Sunday, December 10, 2006

Pearl Harbor Ceremony Honors Attack Survivors

This weekend's USA Today has an article on the commemoration at Pearl Harbor of the 65th anniversary of the Japanese attack of December 7, 1941:

Nearly 500 survivors of the Japanese attack on Pearl Harbor — many in wheelchairs and walkers — gathered Thursday to lay wreaths and remember the men and women killed on Dec. 7, 1941.

For some of the survivors, now in their 80s or older, it will be their last visit to the site of the attack that prompted America to enter World War II.

In a ceremony in which former NBC Nightly News anchor Tom Brokaw gave the keynote address, survivors bowed their heads at 7:55 a.m. to reflect on the moment Japanese bombs began to drop.

"America in an instant became the land of the indivisible," said Brokaw, author of the book The Greatest Generation.

Brokaw said the attack "wounded and outraged," all of America and galvanized the nation to make the sacrifices necessary to support the war effort at home and defeat Imperial Japan overseas.

"There are so many lessons from that time for our time, none greater than the idea of one nation greater than the sum of its parts," he said. "It was the end of innocence and the beginning of greatness for your generation."

Hawaii Gov. Linda Lingle thanked those who lost their lives.

"We honor the survivors and their families who are with us here today," she said.

The veterans, most in Hawaiian aloha shirts, were honored with prolonged applause at the ceremony. Nearby, some of the ships sunk that day 65 years ago lay in the harbor, rusting and covered with moss.

Don Stratton, who was aboard the USS Arizona in 1941, boarded a boat with other survivors to the white memorial straddling the sunken hull of his former ship. They honored the dead with wreaths and leis.

"Sixty-five years later, there's not too many of us left," Stratton said.

The Arizona sank in less than nine minutes after a bomb struck the battleship's deck and hit its ammunition magazine, igniting flames that engulfed the ship.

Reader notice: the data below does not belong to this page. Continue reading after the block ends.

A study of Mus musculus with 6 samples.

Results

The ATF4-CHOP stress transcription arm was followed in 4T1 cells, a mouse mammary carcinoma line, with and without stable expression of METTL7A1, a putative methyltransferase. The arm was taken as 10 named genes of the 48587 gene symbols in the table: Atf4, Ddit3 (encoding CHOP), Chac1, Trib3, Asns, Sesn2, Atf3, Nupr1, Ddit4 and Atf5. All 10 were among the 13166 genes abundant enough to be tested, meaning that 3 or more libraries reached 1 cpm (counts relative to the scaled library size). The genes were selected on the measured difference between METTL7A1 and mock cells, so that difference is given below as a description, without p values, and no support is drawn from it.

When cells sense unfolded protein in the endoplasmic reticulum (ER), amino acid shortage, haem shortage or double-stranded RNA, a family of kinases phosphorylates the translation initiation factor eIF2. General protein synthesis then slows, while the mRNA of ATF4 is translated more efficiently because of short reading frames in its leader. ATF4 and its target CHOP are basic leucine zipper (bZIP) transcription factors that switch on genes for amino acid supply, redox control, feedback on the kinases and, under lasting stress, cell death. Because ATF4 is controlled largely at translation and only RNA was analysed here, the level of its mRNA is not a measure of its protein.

The Arizona lost 1,177 men, 80% of its crew, more than any other ship. Altogether the Japanese killed 2,390 Americans and injured 1,178 others.

Twelve ships were sunk and nine vessels were heavily damaged. More than 320 U.S. aircraft were destroyed or heavily damaged by the time the invading planes were done sweeping over military bases from Wheeler Field to Kaneohe Naval Air Station.

For the purposes of history, survivors were asked to record their stories for the Pearl Harbor Survivors Fund. The stories are being made public at, said George Sullivan, director of the fund.

The most moving moment for Lee Soucy, 87, who survived the torpedoes that struck the USS Utah, was when the guided-missile destroyer USS Russell sailed by the podium. Sailors in dress whites were lined along the Russell's rail, saluting.

"All the other guys thought it was the greatest recognition they had ever received," he said. "I had to hold back tears."
I blogged yesterday about the changing nature of warfare, paying attention to sense of shared sacrifice earlier generations of Americans demonstrated and our leaders demanded. I noted particularly the seeming heightened moral clarity of the WWII age cohort -- Tom Brokaw's "greatest generation" -- although I suggested that the label unfairly diminishes the contributions of all Americans to this country's greatness. That said, I am troubled by the relativism in our approach to combating today's enemies. The threats we face in global anti-Americanism are amorphous yet dire, and the U.S. population today needs to develop a moral imperative for toughness if we are to meet future challenges to U.S. leadership and global prosperity.